AIR and RMS estimated losses do not include business interruption costs, which could have a high impact
Risk modelling firms AIR Worldwide and RMS released the first estimate of losses to the insurance and reinsurance industry from last week’s earthquakes in the Kumamoto region of Kyushu, Japan, putting them in between $1.7 billion to $2.9 billion and between $2.5bn and $3.5bn respectively.
Both estimates for the Japanese earthquake include insured property losses to residential, commercial, industrial and mutual properties, including structural and content damage, caused by ground shaking, fire-following the earthquake and also liquefaction, but exclude business interruption.
Impacts from the two quakes in Japan, which killed 58 people and injured over 900, include power and water outages; damage to highways, rail lines, bridges, and other infrastructure; short-term cancellation of some airline and train service; and “significant supply-chain and production interruption for regional industries,” according to AIR.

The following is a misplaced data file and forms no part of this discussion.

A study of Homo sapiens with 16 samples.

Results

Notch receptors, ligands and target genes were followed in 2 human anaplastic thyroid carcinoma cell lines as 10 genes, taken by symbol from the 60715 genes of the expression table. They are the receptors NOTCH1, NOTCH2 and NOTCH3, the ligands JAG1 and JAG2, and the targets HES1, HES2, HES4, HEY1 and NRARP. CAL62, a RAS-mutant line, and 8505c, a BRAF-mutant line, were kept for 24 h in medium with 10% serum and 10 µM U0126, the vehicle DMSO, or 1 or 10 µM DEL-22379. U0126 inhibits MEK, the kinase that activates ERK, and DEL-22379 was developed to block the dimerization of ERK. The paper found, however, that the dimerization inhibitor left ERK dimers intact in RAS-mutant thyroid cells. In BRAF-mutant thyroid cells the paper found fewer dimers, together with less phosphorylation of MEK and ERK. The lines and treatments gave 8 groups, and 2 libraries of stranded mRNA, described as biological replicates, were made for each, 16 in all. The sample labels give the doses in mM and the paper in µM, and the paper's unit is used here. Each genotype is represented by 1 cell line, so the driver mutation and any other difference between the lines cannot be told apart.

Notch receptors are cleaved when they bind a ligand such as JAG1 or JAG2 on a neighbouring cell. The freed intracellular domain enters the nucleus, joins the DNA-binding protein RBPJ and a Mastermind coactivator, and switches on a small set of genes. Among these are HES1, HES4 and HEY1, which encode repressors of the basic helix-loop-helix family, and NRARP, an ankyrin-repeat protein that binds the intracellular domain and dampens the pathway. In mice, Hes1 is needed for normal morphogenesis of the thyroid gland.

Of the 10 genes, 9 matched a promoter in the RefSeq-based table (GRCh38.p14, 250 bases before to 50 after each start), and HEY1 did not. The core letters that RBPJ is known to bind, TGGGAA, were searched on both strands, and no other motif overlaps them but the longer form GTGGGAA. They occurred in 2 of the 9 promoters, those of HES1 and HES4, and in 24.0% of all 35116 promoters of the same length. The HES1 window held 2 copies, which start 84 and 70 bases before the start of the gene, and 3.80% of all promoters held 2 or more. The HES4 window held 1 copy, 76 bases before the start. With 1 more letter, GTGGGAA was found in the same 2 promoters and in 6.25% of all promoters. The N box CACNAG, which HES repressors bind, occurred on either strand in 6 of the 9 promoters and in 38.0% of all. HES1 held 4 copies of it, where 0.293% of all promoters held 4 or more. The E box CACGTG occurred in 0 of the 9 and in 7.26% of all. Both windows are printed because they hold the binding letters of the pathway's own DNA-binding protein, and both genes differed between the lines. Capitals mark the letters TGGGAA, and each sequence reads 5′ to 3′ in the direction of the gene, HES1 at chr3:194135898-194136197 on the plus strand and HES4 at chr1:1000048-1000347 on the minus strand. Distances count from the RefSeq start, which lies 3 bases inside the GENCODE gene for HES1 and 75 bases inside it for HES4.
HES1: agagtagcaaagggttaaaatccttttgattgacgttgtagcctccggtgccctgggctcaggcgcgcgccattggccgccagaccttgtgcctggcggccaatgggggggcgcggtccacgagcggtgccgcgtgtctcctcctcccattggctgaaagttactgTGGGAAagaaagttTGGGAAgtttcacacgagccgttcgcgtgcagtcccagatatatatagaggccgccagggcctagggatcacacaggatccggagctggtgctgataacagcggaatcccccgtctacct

The estimated range of insured losses is quite narrow, at just $1.2bn, spanning from $1.7bn to $2.9bn, but as it does not include the potentially “significant” business interruption losses and only focuses on the property loss, it is perhaps easier to estimate more accurately. As Global Reinsurance reported on Monday, business interruption has been high, since the area hit by the earthquake is a highly manufacturing one, and there have been many reports of factories shutting due to the Japanese quakes. Once added, the losses will more than likely have a significant impact on the true loss to the (re)insurance sector, with many industrial and commercial sites still not back to normal after last weeks earthquakes in the region and the ongoing aftershocks and no forecast as to when they will re-open.
At this level of losses, there will not be any impact to exposed Japan quake catastrophe bonds, but reinsurance layers may face losses which could bring into play some private ILS or collateralised reinsurance put down by ILS fund managers.That will become clearer once there is an understanding of how ILS fund’s performed in April, when some ILS managers might have established side pockets for the earthquake event.